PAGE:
2. Your Needs
  3. What to Protect
  4. Security Policies
  5. Security Policy Requirements
  6. Incident Procedures
  7. Security Categories
  8. Software Vulnerability Control
  9. Hostile Software
  10. Network Layout
  11. Traffic Filtering
  12. Mail
  13. Firewall Protection
  14. Network Intrusion Detection
  15. Network Port Scanning
  16. Network Tools
  17. Passwords
  18. Types of Attacks
  19. Protocol Use
  20. Entry Points
  21. Cost
  22. Application Level Protection
  23. System Protection
  24. User Issues
  25. Other Recommendations
  26. Terms
  27. Credits


Passwords are a primary piece of information that intruders will try to acquire in order to gain unauthorized access to systems or networks.

Password Storage

When users enter passwords for the network or operating system, they or some facsimile of them must be stored so there is something to compare user login attempts to. There are three primary choices for password storage:

  • Clear text
  • Encrypted password
  • Hash value of a password - Used by Unix and Windows NT

The storage locations may be:

  • Root or administrator readable only
  • Readable by anyone.

Passwords are more secure when they can only be read by the administrator or root account. Also the best password storage security is to store the hashed value of a password.

Typical Hashing Functions

  • UNIX - Algorithm similar to DES with 56 bit key. There are two random characters (salt) are added to the algorithm so two password values are not stored the same even if they are the same.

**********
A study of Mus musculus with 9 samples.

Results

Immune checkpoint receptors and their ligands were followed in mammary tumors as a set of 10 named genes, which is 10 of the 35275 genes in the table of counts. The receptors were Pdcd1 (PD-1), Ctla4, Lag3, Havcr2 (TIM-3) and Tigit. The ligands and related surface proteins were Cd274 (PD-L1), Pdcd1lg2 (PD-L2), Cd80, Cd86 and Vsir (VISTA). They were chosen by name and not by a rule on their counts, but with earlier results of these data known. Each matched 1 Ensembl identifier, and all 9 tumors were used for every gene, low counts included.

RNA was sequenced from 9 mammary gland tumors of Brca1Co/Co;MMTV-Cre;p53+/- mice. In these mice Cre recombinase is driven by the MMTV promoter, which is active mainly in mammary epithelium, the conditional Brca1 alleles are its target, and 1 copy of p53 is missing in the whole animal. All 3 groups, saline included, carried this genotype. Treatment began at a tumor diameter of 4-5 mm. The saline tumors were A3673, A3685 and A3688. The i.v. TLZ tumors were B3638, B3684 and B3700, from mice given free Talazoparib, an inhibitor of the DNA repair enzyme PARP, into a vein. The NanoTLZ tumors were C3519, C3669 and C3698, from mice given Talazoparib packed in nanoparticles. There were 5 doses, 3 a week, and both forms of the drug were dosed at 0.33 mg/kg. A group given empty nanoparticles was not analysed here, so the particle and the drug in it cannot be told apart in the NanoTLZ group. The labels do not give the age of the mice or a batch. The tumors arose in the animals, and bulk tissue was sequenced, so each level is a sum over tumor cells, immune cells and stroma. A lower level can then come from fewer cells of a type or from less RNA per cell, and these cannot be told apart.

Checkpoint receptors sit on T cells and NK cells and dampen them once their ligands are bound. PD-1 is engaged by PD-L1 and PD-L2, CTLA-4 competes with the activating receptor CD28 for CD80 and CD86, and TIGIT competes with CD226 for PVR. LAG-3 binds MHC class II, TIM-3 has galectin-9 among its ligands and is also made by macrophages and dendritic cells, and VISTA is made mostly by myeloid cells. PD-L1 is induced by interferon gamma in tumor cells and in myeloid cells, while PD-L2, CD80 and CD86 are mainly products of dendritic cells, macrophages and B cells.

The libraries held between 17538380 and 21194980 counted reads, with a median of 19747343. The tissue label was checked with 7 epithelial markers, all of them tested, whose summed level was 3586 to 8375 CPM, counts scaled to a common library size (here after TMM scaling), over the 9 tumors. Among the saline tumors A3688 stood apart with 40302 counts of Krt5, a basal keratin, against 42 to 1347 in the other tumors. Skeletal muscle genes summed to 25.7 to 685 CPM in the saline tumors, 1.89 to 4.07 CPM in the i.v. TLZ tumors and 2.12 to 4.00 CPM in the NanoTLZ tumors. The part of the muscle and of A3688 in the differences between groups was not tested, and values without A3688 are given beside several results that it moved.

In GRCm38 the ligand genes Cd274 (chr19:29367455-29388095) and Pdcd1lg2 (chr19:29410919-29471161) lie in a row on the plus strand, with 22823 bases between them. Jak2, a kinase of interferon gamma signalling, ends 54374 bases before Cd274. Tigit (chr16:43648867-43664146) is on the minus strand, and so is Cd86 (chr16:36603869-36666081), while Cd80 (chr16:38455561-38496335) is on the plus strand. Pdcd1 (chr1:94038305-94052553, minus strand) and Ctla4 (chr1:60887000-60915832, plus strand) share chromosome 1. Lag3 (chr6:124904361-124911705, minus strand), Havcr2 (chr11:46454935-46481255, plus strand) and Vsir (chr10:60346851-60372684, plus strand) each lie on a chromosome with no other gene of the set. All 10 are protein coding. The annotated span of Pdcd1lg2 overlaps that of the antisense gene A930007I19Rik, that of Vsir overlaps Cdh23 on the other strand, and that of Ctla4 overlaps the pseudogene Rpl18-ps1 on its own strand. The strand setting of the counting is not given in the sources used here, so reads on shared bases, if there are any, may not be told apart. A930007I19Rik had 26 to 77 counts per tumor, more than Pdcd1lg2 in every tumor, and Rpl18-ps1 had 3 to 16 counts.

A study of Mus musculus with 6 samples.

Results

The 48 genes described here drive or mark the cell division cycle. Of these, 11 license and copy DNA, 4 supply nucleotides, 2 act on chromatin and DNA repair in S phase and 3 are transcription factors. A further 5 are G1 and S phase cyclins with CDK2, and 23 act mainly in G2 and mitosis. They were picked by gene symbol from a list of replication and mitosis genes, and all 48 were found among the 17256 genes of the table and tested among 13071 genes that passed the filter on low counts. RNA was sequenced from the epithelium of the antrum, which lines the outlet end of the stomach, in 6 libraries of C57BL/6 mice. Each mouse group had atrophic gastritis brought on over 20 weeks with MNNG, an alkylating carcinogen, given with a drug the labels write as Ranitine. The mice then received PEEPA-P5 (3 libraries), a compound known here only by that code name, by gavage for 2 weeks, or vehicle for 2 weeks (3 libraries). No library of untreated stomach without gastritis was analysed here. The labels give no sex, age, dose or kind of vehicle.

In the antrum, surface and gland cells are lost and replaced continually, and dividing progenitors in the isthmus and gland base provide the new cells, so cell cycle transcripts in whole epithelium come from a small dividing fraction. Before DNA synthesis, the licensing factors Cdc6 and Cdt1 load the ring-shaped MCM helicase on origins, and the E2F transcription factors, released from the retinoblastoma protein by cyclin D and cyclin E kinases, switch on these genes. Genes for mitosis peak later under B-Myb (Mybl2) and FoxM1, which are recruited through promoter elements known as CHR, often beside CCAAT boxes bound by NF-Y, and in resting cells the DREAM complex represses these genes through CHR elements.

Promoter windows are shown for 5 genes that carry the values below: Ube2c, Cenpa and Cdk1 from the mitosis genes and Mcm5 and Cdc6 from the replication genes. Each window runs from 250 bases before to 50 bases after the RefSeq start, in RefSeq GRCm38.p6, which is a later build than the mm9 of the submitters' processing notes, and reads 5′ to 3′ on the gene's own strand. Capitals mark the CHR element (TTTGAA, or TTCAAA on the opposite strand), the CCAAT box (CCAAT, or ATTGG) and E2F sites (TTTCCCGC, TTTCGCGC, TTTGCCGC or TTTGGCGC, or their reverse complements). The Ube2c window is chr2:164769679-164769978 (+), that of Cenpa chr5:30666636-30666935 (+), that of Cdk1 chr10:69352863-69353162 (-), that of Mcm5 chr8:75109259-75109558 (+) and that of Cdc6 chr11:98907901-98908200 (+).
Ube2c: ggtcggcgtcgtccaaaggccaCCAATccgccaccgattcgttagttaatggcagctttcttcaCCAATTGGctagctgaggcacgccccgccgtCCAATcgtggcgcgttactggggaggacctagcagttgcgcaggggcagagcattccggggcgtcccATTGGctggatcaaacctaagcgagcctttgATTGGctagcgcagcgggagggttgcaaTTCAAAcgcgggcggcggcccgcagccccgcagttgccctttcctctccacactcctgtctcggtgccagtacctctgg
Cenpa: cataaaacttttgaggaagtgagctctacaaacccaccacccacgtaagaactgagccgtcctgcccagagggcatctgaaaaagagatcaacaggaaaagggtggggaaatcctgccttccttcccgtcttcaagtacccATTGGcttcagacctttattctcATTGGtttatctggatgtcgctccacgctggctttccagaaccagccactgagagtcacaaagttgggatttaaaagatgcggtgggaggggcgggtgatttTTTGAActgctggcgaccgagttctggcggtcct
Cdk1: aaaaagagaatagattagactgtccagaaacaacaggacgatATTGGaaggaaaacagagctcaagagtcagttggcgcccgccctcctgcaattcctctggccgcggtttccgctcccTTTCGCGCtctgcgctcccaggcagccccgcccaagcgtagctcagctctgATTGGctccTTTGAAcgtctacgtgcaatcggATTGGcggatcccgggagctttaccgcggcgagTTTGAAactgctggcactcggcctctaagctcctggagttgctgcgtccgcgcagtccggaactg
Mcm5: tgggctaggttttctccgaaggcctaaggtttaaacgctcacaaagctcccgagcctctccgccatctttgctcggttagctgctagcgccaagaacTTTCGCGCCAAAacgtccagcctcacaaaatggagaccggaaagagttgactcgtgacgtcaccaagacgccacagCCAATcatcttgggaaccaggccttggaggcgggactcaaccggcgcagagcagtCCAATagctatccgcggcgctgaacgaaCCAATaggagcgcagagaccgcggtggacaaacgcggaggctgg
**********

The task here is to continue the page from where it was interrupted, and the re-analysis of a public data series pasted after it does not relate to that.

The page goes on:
• Windows NT - MD4 is used to generate a 128 bit value.

Password Protection and Cracking

Passwords should be chosen wisely and a dictionary word should never be used. This is because if an attacker can get the hashed or encrypted value of a password, they can run password guessing programs to eventually guess the password by comparing the encryped result of the guess to the actual encrypted password. The easiest password attack is a dictionary attack where dictionary words are used to guess the password. Other attacks include a brute force attack which can take much longer than a dictionary attack. This is why passwords should have a minimum length and a minimum degree of complexity. The complexity requirements should include three of four of the following four types of characters:

  • Lowercase
  • Uppercase
  • Numbers
  • Special characters such as !@#$%^&*(){}[]

For help in choosing passwords wisely see the article Tips for choosing Passwords that can be easily remembered, but are secure

Protocols to send passwords

  • PAP - Password Authentication Protocol - Used with Point to Point Protocol (PPP). The password is sent in the clear.
  • CHAP - Challenge handshake authentication protocol is preferred rather than PAP since the actual password is not sent across the internet or network.